Oscar Villalon is the managing editor of ZYZZYVA. Before moderating a Zócalo event asking “Are We Living in a World Ray Bradbury Tried to Prevent?” in honor of Bradbury’s centennial birthday, Villalon chatted in the green room about The Martian Chronicles, his favorite Elvis Presley karaoke song, and the importance of taking the time to be still.
What was the first science fiction book you remember reading?
Does Watership Down count? I tried to read Watership Down when I was in fourth grade, but it was disastrous. When I went in with my mom to buy the book, the bookseller who sold it to me was like, are you sure you want to read this? And I was like yes, damnit, it’s about rabbits. I made it maybe 30 pages in, and what really hammered me is I realized Richard Adams was writing some stuff in not English. But I read those first 30 pages over and over again.
The first [science fiction book] I really enjoyed was The Martian Chronicles. Looking back on it now, Bradbury wrote it in such an open and generous way that made it so easy for an 11- or 12-year-old to fall into it.
What year, past or present, would you want to time travel to?
Well I have to say this is I’d travel back in time any time before 2016, just to see if—to refer to another Ray Bradbury story, [“A Sound of Thunder”], with the butterfly effect—one could unstep, somehow, to make things a little bit different today. As far as going forward, at this point, I’m really hesitant to travel further into time to see how things go.
What do you wake up to?
Recently, I’ve been waking up to the sickly yellow light of the wildfires up here in San Francisco. So that’s waking up to a certain amount of anxiety. On the other hand, waking up with some sense of purpose, of making sure to carry on, which is not super exciting, but you know getting up, and making meals, and taking the dog out for a walk, and reading, and otherwise helping my wife and son, and doing all those little things that really make up a life.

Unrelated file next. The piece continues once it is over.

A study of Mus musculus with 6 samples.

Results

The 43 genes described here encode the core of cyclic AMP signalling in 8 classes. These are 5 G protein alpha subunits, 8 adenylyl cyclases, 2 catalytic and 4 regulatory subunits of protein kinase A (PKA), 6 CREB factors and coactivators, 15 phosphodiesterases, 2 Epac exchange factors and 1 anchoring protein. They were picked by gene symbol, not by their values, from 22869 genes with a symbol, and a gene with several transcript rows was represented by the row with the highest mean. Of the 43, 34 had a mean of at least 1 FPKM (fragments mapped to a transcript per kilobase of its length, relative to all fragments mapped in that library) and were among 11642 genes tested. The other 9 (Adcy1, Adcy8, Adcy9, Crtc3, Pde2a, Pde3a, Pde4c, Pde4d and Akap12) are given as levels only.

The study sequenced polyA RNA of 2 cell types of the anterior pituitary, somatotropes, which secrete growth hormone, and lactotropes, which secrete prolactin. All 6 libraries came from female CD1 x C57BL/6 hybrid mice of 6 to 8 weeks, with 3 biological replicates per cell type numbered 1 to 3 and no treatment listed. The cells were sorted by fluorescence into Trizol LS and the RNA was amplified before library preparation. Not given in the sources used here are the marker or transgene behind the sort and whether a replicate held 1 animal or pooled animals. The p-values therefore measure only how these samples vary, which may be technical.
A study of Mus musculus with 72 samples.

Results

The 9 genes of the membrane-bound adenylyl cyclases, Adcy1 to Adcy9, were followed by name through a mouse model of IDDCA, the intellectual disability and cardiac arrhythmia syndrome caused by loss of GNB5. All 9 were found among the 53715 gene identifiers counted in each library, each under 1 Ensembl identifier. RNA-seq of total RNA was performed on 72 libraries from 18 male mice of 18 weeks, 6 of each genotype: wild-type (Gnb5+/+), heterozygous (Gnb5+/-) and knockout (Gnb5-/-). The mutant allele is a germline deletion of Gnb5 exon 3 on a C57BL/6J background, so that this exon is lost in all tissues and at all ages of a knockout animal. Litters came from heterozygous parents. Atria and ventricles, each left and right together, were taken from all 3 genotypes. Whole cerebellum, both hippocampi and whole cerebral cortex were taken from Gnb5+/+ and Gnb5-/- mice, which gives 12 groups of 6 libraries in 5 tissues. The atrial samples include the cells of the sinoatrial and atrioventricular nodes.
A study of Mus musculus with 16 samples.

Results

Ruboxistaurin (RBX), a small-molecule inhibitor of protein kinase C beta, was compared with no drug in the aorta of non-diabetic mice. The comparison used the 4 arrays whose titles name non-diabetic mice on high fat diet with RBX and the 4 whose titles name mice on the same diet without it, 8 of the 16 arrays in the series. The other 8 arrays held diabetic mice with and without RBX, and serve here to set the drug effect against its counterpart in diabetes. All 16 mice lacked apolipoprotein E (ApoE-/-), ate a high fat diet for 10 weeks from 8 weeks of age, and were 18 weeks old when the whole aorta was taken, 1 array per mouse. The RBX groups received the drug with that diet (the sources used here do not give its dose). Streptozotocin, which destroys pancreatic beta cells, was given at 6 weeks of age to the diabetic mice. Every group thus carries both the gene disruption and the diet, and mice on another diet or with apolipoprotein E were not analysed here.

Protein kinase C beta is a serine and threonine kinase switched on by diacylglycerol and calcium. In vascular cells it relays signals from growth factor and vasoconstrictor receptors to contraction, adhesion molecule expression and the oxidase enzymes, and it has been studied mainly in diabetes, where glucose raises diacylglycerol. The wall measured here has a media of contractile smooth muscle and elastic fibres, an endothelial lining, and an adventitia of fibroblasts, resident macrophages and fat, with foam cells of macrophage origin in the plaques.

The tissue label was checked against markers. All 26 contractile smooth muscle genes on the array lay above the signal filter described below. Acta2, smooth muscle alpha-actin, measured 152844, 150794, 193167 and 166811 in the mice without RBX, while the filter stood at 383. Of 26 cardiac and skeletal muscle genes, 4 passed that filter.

What’s your go-to karaoke song?
I haven’t done karaoke in a long time but my go-to karaoke song would probably be—if it’s available—Elvis Presley’s “Suspicious Minds.”
What is a hidden talent of yours?
At one time I was a three-time consecutive thumb wrestling champion at 826 Valencia [a nonprofit that supports kids in their writing].
What makes a good thumb wrestler?
I’m glad you asked. I actually wrote a booklet for 826 that they still sell as a fundraiser called “The Way of the Thumb” where I lay all this out. But I will tell you this much: Just like in boxing where you’ve got to take leather to give leather, the same thing applies to thumb wrestling. You’ve got to put the thumb out there—be willing to risk a pin.
You mentioned you've been cooking. Have you been making anything special in COVID?
Well until we had this heat wave, I was making a lot of Mexican rice. I love, love Mexican rice. It’s a great comfort food, and I haven’t made it in so long. I’m reminded of my grandmother’s Mexican rice. I can’t do it as well. But man, that has been my quarantine comfort food.
What’s the last thing that inspired you?
The other weekend we took a long drive in the area by Santa Cruz that’s now all on fire, right by the beautiful Redwoods. Up there, in the beauty of the natural world. There’s something about those forests. We’re so fortunate to have them there. When you go, you’re just riding through, windows rolled down, the smell of the woods, trees, even from the water coming below from the creeks. That’ll do it.
What’s a piece of advice you’ve been thinking about lately?
It’s not world-shattering, but really, really get as much rest as you can. Nap, if you have to. Go to bed early, if you can. You just really need to conserve your energy. We work ourselves to death; that’s literally true, but particularly now, anything you can do to just give yourself a chance to be still. Just to sleep and dream. That’s really important.